Does anyone else ever get a sudden buzz where you feel really organised and on top of things, so you set yourself goals and objectives? And then that buzz wears off, and you’re just kind of stuck with a load of things you never achieved? And you just end up feeling rubbish and incapable? Yeah? No?
This post might as well be titled “A Year in the Life of Hannah”, because this has been my entire year summed up. With so many things going on and happening, I had numerous occasions where I would wake up and set myself goals to be achieved that day or week. Numerous list books purchased and filled out. And numerous nights spent crying over how badly I crashed mere hours later.
I’d like to say that it was the pressures of society, driving me to make myself the best at everything when it was impossible to be. I also often blamed it on how badly my mental health had gotten at the start of the year. But that all fizzled out, and I was still struggling. So what was the issue?
My issue was – and this might sound ridiculous and a little bit like an excuse to some of you – that I don’t work well when goals are set. I like to work at my own pace. I know where my achievements occur, and actually work really well when I’m left to it. But even to-do lists make me panic; they make me acutely aware of everything I have to do (which I know is their job, but more on that later) and they make me feel that by not getting to cross items off or put a big tick next to them, that I’m not doing well. And the whole thought puts me on a go-slow, or gets me so down that I can’t even bring myself to even try and accomplish the task, so a whole catch-22 situation occurs. Does anyone remember my 21 Goals at 21 post from last year? That legit gave me sleepless nights.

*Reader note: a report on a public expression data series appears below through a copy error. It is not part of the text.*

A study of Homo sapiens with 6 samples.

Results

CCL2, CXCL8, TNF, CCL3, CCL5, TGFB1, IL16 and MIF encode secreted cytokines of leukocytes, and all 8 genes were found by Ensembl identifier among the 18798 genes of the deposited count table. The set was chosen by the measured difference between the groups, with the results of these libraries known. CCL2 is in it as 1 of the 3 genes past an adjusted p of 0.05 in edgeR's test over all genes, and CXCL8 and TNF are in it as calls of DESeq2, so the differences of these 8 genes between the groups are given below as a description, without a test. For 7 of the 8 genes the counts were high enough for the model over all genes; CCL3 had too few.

I’m trying to think of a way to illustrate this just in case my own explanation (read: ramble) doesn’t make any sense. You know when you were younger, and you’d think “hmm, I should tidy my room”? And you’d plan to tidy it and were more than willing to… and then your parents would tell you that you needed to tidy your room, and that was it. Ruined. You had no longer made the decision by yourself, and you were now being told to do it, so it wasn’t the same. Remember that? Like that.
I mentioned to-do lists. I love a list, as I’ve made clear on here previously. But I’ve begun to only use lists when I either need to remember something, or when I’m making a plan for coursework (hand-in dates, essay structures, yadda yadda yadda). I have ultimately banned myself from setting goals for myself, no matter how easy they may be. Because I know that knowing how easy they were supposed to be will just make me feel even worse if I don’t complete them.
I’d originally planned for this post to be a kind of advice thing, but all I’ve really done is natter on. I don’t even know what advice I’d have given!
But I’d genuinely love to know if anyone else feels the same with this sort of thing – or even if you don’t! And if you’ve managed to understand half of my descriptions and attempts to illustrate my point, then you’re a wee gem.